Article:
Government Pushes Freemium Model For Public Data


The government seems to be steering towards a “freemium” model for its open data scheme, in a consultation paper that explores questions on key aspects of data policy such as charging, licensing and regulation of public sector information.

The UK Cabinet Office announced plans in January to open access to government data further with the establishment of a Public Data Corporation (PDC) that would gather all available public information under one umbrella.

“Public sector information underpins a growing part of the economy,” said Cabinet Office minister Francis Maude (pictured) at the time. “The technology that is around today allows people to use and re-use this information in new and different ways. The role of government is to help maximise the benefits of these developments.”

However, Maude warned that not all of the data will be provided for free:

“At present many state agencies face a conflict between maximising revenues from the sale of data and making the data freely available to be exploited for social and economic gain,” he said. “Creating the PDC will enable the conflicts at the least to be managed consistently with a view to opening up access and, at best, to be eliminated.”

Mixed charging model

In a consultation paper (pdf) released earlier this month, the Cabinet Office said it was likely that “a mixed charging model will be needed” for public data. It proposed three options:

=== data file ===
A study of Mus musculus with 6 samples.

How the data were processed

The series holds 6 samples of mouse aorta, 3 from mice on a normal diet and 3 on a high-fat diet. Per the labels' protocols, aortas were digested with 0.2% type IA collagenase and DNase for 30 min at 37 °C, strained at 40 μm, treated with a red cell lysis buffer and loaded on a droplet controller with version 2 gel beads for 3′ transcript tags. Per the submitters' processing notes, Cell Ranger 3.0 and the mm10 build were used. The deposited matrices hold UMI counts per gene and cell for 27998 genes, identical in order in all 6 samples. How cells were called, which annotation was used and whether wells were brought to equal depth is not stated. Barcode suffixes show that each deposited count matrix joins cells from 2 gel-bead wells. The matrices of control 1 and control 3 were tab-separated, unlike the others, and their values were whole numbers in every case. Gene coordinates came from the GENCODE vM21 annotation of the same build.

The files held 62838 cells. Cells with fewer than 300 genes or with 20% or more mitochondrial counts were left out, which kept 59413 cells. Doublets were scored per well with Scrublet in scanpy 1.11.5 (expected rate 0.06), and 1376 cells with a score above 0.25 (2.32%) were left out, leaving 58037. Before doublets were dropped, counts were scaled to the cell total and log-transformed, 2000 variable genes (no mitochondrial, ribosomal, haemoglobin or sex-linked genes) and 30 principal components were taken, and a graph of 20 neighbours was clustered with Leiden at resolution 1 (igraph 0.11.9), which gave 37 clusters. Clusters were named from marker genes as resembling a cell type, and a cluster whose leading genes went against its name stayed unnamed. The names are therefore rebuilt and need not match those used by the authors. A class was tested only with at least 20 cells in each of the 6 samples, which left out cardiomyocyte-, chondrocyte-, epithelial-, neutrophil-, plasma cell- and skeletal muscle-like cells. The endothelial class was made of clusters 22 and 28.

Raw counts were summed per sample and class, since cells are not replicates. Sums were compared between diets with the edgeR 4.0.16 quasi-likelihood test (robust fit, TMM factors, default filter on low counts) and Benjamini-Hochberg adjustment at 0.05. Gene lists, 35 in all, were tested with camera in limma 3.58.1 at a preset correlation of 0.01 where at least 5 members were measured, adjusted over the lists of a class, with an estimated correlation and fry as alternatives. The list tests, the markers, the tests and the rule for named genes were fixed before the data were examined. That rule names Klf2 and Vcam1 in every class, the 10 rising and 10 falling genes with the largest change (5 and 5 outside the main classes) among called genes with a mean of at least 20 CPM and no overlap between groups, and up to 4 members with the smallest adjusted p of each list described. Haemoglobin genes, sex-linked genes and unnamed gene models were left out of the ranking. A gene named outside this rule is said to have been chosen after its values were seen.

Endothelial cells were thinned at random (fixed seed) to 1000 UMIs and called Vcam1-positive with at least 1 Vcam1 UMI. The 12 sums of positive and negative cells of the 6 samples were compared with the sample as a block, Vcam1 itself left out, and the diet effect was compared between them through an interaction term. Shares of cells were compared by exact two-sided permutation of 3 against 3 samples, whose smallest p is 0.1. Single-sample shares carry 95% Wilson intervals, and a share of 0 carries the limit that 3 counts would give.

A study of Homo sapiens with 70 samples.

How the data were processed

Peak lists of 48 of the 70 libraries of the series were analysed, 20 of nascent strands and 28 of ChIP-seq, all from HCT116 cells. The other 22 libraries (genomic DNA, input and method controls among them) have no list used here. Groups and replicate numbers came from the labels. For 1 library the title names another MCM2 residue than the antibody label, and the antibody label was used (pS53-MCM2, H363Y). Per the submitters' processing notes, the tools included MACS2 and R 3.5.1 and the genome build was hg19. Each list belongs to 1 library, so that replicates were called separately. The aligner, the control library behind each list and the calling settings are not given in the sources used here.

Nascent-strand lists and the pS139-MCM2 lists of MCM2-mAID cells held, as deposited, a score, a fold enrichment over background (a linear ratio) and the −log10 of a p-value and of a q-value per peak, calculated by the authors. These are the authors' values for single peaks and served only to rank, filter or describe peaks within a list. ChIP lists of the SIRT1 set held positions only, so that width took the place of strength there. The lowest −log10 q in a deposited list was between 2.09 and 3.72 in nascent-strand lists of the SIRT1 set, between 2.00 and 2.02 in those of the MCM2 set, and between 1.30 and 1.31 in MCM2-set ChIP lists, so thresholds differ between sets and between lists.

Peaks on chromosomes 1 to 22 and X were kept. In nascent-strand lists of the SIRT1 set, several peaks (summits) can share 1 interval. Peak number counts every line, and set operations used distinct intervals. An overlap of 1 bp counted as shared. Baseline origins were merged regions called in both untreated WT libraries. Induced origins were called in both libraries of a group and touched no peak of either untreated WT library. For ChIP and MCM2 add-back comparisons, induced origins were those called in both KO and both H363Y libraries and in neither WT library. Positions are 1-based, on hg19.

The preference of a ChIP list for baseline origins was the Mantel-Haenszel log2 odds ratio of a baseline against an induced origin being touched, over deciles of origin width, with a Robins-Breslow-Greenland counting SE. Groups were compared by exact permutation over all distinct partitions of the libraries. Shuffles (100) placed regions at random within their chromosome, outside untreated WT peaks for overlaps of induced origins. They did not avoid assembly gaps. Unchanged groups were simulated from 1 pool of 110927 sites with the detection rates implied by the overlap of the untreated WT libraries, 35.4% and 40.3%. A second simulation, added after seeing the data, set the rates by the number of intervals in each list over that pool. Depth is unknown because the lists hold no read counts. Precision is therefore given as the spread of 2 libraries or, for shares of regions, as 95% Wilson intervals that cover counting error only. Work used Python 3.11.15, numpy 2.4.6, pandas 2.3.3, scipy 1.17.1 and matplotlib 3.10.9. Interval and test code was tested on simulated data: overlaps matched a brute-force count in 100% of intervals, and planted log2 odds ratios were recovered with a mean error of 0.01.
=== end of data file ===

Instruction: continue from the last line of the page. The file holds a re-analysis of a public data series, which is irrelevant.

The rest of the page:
• Maintaining the status quo, but with a commitment to make more data available for free;
  • Harmonisation: putting a single price on all chargeable information falling within a particular government organisation’s remit;
  • Freemium: offering a basic service free of charge while charging a premium for advanced features – similar to Skype or LinkedIn.

While the consultation doesn’t explicitly opt for one option over another, much more space is devoted to the freemium proposition, which it says “could provide a way of balancing the objectives set out for a PDC”.

This could be implemented in a number of ways. For example, some low specification or low cost PDC information could be provided for free, while more specialised or higher cost information would be charged for.

Alternatively, PDC data could be limited by volume, so that a certain number of bytes or a certain percentage of data could be downloaded for free, and then charging would begin once a given volume parameter was exceeded. It is also possible that a mixture of options could be applied under a PDC freemium model.

“Under this option a PDC would have the flexibility to supply commercial services with charges set at a commercial rate,” the document stated. “It is likely that in the short term income would decrease, but if the freemium model was successful income might then increase over time. ”

The government is inviting responses to the consultation by 27 October. Organisations can submit their ideas through the Consultation on Data Policy for a Public Data Corporation website, or using this survey form.